BAM Key Details:

  • New data from Kruze Consulting shows the percentage of startups renting office space in 2023 has returned to pre-pandemic levels, but rental costs now represent a smaller percentage of startup expenses. 
  • The cost of renting office space has declined from 7% of total startup expenses to about 3% as remote work and hybrid work schedules shrink the footprint of those spaces. 

The percentage of startups renting office space, after taking a dive in 2021, has returned to pre-pandemic levels as more return to the office. That’s according to new data from Kruze Consulting, a leading CPA and finance consulting firm for venture capital-backed startups. 

There’s a catch, though. While more startups are returning to the office, the size of their office space has declined—and with it the amount of expenses represented by rental costs


In early 2020, rental costs represented 7% of total startup expenses. Now it’s around 3%. 

Here’s what you need to know. 

More office spaces, smaller footprint

At the beginning of 2020, roughly 65% of startups across the U.S. were renting office space. Skip to January 2021, and that percentage dropped to 36%. Since then, that figure has rebounded to 59%, as of December 2022. 

That said, the cost of renting office space as a percentage of total startup expenses has contracted over that same amount of time. In early 2020, that figure was consistently about 7%, even in high-rent markets like New York. 

Then the pandemic happened, and throughout the worst of it, rent percentages consistently declined as more startups chose a remote working model. 

By the end of 2022, rental costs represented only about 3% of overall startup expenses. 


While the decline in the real estate market is certainly a factor, it’s also evident that many startups have chosen remote working or hybrid working models, even in late 2022. And these models don’t require as much space as a fully in-office model. Less square footage generally means a smaller rent payment.

All the data and analysis behind these figures is available on the Kruze Consulting blog

We’ve seen startups beginning to rent office space gradually since January of last year and over the last 12 months the number of startups paying rent has nearly returned to the levels we observed before the pandemic. What’s interesting is that the amount they are paying for rent has continued to decline steadily over the last 2 years, which confirms the anecdotal evidence I’ve been seeing – that startups don’t need as much office space as they did before.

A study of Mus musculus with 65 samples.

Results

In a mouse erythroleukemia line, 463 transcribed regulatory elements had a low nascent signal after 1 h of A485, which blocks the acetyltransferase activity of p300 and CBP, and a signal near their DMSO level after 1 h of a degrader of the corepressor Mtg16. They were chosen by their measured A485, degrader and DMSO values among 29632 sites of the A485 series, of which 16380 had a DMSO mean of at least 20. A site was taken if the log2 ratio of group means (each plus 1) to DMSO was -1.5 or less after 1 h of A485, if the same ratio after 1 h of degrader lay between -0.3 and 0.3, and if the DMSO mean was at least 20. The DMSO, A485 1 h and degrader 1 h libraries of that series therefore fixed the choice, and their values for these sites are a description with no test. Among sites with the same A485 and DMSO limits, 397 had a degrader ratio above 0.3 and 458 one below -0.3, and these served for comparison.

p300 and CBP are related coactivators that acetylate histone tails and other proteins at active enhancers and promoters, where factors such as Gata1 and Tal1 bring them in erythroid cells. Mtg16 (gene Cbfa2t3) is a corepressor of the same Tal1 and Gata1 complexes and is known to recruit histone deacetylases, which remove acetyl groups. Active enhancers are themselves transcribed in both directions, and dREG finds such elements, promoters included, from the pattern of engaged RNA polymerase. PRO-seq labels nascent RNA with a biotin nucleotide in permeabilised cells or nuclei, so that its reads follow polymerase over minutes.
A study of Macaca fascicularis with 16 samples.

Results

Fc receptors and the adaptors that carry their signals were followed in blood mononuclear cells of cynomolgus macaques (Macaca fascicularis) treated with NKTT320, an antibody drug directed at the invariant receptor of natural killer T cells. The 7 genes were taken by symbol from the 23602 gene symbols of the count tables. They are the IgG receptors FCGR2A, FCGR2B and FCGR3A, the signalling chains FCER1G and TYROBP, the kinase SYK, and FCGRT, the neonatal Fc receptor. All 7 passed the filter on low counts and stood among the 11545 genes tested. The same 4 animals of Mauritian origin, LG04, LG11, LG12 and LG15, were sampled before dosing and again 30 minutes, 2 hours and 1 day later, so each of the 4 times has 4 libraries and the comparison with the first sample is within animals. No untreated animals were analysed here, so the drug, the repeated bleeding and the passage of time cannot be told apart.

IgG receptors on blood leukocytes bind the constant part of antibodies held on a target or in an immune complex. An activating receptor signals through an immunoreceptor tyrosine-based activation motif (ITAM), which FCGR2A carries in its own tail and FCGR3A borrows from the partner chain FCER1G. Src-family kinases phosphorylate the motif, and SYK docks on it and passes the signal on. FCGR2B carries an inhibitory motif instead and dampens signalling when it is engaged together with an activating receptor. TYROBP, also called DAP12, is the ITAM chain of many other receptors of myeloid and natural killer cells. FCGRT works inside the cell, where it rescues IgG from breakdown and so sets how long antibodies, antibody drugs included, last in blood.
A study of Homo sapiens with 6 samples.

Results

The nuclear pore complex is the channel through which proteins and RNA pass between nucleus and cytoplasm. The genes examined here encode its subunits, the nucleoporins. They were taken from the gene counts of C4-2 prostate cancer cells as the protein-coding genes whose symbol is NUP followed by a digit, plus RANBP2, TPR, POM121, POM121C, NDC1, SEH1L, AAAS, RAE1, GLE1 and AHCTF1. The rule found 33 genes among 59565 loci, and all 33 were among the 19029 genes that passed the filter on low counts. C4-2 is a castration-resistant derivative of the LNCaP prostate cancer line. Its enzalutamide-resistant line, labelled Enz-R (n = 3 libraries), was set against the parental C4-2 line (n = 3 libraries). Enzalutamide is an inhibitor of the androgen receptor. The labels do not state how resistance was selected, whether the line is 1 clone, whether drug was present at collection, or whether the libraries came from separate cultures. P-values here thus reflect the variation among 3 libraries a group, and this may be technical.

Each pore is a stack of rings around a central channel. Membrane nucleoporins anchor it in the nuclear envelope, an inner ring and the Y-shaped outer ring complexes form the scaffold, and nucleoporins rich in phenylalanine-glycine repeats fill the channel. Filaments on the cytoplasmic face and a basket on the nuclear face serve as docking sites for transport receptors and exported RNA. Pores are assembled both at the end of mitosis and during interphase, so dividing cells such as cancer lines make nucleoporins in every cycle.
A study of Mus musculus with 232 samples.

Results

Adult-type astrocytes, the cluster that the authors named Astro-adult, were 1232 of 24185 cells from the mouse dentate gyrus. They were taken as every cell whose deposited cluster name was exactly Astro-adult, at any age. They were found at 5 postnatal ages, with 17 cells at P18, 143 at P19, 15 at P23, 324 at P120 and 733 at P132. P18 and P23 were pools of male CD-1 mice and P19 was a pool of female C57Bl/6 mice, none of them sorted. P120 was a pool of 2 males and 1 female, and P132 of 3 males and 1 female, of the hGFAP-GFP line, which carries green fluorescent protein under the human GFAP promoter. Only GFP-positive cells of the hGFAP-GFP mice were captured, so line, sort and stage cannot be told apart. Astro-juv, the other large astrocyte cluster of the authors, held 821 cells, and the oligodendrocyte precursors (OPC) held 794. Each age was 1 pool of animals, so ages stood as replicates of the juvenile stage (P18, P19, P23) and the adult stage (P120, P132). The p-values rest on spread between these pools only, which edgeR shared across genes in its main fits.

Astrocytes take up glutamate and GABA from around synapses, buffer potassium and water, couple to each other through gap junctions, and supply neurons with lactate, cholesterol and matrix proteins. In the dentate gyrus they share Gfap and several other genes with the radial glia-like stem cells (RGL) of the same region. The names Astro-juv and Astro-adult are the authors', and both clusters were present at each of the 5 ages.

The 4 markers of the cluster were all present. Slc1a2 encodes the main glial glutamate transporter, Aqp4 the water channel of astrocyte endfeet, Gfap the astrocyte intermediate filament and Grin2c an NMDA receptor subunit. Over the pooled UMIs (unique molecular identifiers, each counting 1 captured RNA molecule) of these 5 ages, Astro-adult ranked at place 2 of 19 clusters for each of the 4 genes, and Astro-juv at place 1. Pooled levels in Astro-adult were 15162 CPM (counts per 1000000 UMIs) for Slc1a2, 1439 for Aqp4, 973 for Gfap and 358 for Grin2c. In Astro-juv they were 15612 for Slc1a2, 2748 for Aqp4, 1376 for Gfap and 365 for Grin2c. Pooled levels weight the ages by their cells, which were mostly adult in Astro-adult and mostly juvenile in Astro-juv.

Healy Jones

VP at Kruze Consulting

The steady increase in the number of startups (and other businesses) transitioning from fully remote to hybrid working models is evidence that the brick-and-mortar office is here to stay. But the way many people engage with their offices has changed. 

So, while startups will likely continue to rent office space, more of them are choosing smaller spaces than before—and paying less for it. 

Read the full article to learn more. 

About Kruze Consulting

Kruze Consulting offers Startup CFO Consulting to more than 750 startups in major startup hubs including Silicon Valley, Los Angeles, and New York. 

Kruze’s clients include market-leading SaaS, software, eCommerce, eHealth, and FinTech startups and, to date, have raised more than $12 billion in venture capital. 

Founded in 2012 by Vanessa Kruze—Big Four alum, startup controller, and CPA—Kruze Consulting handles all things accounting, tax, finance, and HR. 

Top takeaways for real estate agents

If you’re in the commercial real estate space, this data is worth considering when clients are searching for office spaces that meet the needs of their business tenants. 

Startups looking for a physical hub for their employees to work in, at least part-time, may be looking for smaller spaces now than they would have before the pandemic. Real estate investors need to consider that when preparing those spaces for renters—depending on the types of businesses they want to attract.